March 17, 2020 | in New Diagnosis of Alzheimer's, Alzheimer's Prevention, Stats & Facts

Author Saran Pillai, MBBS Kerala University
KIMS Hospital, Trivandrum
Editorial Review Phoebe Stoye, A.B. in Neurobiology, Harvard College
Clinical Review Benedict Albensi, PhD, BCMAS, CRQM
St Boniface Hospital Research Center
"Alzheimer's... It is a barren disease, as empty and lifeless as a desert. It is a thief of hearts and souls and memories." ― Nicholas Sparks, The Notebook

This memorable quote from one of the most popular movies of the century is how the narrator chooses to describe the ailment his wife suffers from. Their physician, Dr. Barnwell, explains further: "It's a degenerative brain disorder affecting memory and personality with no cure or therapy, and there's no way of telling how fast it will progress. It differs from person to person. Some days will be better than others. It will grow worse with the passage of time."

How has our understanding of this condition changed over the last 25 years since Mr. Sparks first penned these words in 1996?

Alzheimer's Disease, the most common cause of dementia, is now understood to progress through five different stages: (1) Preclinical Alzheimer's Disease (where there may be no symptoms, but test results are positive for having the disease) (2) Mild cognitive impairment due to Alzheimer's (mild symptoms may appear) (3) Mild dementia (4) Moderate dementia (5) Severe dementia.

Here are four facts about this disease that every patient, caregiver, or loved one should be aware of:

  1. You are not alone in Alzheimer's Disease:Someone is diagnosed with Alzheimer's Disease in the United States every 65 seconds. The prevalence of the disease doubles every five years after the age of 65, with one in three deaths due to Alzheimer's or another form of dementia.The mortality of the disease has been on the rise in the United States with an estimated 145% increase in deaths from Alzheimer's between 2000 and 2017.

  2. You may be at risk: Besides non-preventable risk factors such as aging and genetics, there are other risk factors associated with developing Alzheimer's earlier in life. These include head trauma (anywhere from mild concussion to moderate to severe traumatic brain injury) and cardiovascular risk factors (such as diabetes, hypertension, or cigarette smoking). Newer research, such as Mander et al 2105 and Holth et al 2019 has shown that chronic sleep deprivation is also a risk factor that may lead to problems with memory consolidation.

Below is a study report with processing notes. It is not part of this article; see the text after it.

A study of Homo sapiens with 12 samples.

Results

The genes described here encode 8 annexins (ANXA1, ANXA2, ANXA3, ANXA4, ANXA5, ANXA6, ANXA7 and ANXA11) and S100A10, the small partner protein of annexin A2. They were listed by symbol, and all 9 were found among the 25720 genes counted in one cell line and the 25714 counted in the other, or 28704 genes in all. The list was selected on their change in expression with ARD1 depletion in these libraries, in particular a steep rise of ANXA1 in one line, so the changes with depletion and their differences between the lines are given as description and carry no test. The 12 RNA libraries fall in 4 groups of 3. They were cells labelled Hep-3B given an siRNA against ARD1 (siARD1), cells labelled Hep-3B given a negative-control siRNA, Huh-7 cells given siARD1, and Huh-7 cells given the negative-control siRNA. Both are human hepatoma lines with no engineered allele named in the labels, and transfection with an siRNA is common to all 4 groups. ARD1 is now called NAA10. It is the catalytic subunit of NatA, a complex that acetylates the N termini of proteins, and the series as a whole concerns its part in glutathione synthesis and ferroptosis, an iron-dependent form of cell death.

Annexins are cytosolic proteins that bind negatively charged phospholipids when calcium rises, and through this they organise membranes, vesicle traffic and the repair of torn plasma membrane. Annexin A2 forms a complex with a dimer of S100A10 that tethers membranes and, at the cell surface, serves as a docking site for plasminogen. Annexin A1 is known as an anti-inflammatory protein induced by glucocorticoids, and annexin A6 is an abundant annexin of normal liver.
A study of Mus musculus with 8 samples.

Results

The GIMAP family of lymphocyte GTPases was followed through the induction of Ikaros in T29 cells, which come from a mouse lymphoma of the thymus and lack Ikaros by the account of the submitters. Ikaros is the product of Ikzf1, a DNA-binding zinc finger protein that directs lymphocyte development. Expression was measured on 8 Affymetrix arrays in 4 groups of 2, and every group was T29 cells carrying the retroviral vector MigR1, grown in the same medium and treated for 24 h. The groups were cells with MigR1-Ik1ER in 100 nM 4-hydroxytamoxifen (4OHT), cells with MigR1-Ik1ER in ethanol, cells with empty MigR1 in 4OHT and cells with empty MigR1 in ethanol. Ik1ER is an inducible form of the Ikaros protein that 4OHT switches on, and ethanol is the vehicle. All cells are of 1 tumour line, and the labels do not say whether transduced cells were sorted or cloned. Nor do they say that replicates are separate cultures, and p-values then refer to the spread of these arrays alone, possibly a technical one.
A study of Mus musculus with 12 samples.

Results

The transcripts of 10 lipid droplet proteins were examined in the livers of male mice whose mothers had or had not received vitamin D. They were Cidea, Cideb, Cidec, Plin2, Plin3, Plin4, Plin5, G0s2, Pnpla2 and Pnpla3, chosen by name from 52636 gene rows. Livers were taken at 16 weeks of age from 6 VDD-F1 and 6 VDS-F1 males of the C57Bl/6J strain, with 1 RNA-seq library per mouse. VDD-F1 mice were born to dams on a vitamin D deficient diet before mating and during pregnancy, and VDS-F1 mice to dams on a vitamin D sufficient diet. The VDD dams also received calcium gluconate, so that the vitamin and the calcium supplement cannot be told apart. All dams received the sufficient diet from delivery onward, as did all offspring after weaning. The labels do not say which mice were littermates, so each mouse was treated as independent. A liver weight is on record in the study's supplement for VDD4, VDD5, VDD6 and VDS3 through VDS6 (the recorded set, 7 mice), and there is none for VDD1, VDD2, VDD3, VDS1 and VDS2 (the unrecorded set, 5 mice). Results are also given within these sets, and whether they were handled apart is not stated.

3. You can reduce your risk: Reducing cardiovascular risk factors—especially hypertension—with antihypertensive medications has shown added benefits in preventing dementia and lowering the risk of mild cognitive impairment (MCI). Mediterranean diets high in fruits, vegetables, grains, and seeds have also been shown to reduce both cardiovascular and dementia risks, as shown in Scarmeas et al 2006, among other studies. Read more about what you can do to lower your risk of Alzheimer's Disease here!

  4. You can further reduce your risk through exercise (which has many cognitive benefits), eating lots of vitamin E (which helps slow down the progression of dementia as shown by Dysken et al 201410), and practicing good sleep habits (which may be helpful in preventing early onset of the disease).

  5. You can detect it: You may detect Alzheimer's even before symptoms have set in. Abnormal developments and processes in the brain can be identified through various tests and imaging techniques, which can be used for the early detection of Alzheimer's. Read about some of the current research on better diagnosing Alzheimer's Disease here!

  6. Though the understanding of Alzheimer's hasn't changed significantly from Dr. Barnwell's explanation in The Notebook, there has been a wealth of new information gained regarding the progression, risk factors, risk reduction, and the early detection of Alzheimer's Disease.